Our young Angus born Osprey Blue YD continues to consolidate his territory along the Senegal coastline this week with a few exciting exceptions. One of his favourite fishing haunts appears to be the southern and western shoreline of the sandy peninsula Lange de Barbarie, a designated National Park noted for its diverse bird species where he can fish in safety. He is also returning to the same roosting site in forested scrubland which lies behind the sandy coastal strip. One deviation from the norm is a daytrip he took inland close by the industrial settlement of Roa, with a large dam.
Cast your mind back just a few short weeks to the area of southern France where our other young Osprey Blue44 was spending so much time this autumn. You will remember we were able to make contact with the rangers working in this area, who were so wonderful in helping track our boy down and take photographs of him for us. They also gave us great insight into their area and why a young osprey might choose to sojourn there, as well as the increasing incidents of other European ospreys doing so. We have just received this lovely photo of this team- and we’d like to send them all a big hello and thank you yet again for all their generous help!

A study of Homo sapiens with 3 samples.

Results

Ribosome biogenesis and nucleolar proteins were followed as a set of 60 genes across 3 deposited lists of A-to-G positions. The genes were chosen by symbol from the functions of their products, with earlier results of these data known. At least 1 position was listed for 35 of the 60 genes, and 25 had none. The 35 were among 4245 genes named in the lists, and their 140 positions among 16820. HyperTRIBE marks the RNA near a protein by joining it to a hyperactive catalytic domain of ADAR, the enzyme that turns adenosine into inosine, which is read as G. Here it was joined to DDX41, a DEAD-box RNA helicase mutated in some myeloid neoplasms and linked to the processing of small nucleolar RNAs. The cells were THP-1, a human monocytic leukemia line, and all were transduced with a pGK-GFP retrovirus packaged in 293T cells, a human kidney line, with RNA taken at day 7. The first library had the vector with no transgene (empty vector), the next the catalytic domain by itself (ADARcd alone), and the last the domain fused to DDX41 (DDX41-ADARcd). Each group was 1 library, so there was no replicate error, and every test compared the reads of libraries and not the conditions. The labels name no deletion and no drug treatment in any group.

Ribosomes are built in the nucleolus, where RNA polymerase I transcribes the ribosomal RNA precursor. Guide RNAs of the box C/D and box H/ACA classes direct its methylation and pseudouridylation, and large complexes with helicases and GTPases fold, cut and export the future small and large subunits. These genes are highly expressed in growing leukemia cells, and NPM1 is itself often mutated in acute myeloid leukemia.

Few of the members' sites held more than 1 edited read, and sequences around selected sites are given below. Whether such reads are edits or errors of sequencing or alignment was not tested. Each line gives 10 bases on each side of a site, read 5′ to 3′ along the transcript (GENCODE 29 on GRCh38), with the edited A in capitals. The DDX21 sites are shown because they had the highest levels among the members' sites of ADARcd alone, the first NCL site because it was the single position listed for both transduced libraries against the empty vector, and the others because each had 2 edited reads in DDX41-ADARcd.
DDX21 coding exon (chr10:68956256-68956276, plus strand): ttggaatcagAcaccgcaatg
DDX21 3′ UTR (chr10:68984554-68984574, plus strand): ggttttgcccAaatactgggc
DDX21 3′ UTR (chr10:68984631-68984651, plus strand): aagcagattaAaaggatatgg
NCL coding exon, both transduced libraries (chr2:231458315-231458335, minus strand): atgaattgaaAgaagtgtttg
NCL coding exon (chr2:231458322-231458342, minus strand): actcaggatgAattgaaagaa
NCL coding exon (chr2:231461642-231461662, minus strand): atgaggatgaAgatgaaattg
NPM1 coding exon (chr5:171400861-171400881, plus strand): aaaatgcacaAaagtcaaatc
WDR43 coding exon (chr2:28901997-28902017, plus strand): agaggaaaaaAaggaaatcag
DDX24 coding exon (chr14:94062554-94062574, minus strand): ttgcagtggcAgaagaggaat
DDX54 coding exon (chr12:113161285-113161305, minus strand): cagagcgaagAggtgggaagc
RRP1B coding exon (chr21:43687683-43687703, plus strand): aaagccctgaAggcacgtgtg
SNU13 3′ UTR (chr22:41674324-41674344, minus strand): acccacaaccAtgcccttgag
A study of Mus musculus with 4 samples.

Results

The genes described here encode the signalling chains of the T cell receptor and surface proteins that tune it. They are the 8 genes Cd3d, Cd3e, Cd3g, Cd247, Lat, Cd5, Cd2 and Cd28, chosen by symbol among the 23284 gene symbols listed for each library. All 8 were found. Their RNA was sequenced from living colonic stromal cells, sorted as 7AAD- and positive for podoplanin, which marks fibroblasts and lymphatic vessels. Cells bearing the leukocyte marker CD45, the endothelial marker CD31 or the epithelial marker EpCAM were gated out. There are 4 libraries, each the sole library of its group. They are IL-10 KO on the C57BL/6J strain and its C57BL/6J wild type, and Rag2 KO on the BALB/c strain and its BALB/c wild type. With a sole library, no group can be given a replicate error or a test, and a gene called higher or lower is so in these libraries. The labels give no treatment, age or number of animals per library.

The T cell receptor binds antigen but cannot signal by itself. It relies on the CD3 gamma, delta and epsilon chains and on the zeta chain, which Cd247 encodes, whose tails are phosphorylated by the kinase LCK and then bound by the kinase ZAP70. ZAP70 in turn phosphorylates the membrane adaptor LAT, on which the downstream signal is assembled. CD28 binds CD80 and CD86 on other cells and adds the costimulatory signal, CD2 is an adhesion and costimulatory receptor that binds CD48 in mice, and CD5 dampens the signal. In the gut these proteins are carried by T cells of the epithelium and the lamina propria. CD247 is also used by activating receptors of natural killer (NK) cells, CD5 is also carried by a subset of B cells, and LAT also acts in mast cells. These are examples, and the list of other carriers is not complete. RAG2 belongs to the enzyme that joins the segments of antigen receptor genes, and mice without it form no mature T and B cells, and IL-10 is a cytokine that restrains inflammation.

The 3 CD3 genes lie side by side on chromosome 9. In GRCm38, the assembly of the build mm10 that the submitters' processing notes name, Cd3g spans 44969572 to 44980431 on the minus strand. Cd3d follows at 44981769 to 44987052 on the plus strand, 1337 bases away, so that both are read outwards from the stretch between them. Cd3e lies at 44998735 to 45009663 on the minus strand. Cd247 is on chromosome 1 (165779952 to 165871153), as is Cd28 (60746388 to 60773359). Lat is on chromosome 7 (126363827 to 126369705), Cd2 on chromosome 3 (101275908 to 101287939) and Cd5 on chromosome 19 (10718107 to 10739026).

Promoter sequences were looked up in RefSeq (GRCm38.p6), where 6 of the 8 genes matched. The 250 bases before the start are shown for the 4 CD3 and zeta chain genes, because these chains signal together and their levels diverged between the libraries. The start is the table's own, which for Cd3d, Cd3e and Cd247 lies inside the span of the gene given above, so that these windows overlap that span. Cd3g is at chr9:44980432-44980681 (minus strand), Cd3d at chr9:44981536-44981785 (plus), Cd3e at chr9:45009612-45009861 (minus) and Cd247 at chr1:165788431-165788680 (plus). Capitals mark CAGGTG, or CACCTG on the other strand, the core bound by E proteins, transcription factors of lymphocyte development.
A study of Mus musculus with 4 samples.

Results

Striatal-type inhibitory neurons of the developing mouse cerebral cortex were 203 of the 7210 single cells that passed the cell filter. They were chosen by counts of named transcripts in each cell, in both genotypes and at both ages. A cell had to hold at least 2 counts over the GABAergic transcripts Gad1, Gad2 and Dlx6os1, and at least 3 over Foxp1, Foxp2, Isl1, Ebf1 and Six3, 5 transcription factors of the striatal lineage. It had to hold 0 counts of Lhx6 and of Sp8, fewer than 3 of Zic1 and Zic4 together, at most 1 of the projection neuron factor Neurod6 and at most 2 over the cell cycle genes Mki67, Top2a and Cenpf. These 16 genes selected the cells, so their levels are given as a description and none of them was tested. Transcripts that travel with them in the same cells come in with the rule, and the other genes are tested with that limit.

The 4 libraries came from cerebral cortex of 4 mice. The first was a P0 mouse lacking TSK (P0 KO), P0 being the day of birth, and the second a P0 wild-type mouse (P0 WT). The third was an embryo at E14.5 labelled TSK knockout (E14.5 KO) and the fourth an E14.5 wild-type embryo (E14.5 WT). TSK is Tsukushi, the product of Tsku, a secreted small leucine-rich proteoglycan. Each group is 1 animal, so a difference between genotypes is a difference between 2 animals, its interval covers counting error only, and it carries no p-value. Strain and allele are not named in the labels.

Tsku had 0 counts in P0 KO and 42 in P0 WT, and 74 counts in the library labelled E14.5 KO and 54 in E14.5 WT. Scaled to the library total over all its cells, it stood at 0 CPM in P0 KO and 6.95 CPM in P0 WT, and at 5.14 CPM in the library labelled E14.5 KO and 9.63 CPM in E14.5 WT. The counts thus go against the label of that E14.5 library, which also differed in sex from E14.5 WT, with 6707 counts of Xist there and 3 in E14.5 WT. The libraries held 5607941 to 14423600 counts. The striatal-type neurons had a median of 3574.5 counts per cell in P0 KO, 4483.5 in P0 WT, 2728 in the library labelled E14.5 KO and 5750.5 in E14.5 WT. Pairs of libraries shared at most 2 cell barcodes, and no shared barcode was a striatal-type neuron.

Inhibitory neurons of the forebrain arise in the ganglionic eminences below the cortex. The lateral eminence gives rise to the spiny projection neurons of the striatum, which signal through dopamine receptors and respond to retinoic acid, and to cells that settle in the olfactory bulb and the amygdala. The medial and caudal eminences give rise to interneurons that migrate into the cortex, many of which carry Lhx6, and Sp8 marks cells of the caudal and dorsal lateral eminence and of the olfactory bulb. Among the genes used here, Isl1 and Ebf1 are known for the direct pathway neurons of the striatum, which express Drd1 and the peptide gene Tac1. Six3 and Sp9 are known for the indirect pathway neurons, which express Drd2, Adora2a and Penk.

On the photo, from the left to the right : Paul Lesclaux (from Réserve Naturelle du Courant d’Huchet), Mathieu Moulis and Stéphanie Darblade (From Réserve Naturelle de l’Etang Noir).
We should remember , whatever fate has befallen Blue 44 that he and his transmitter have taught us so very much and rewritten the books on what young Scottish ospreys do on migration- his contribution to our understanding of these birds in a world context , in a few short months, has been huge- thank you Blue 44 for teaching us so much so far.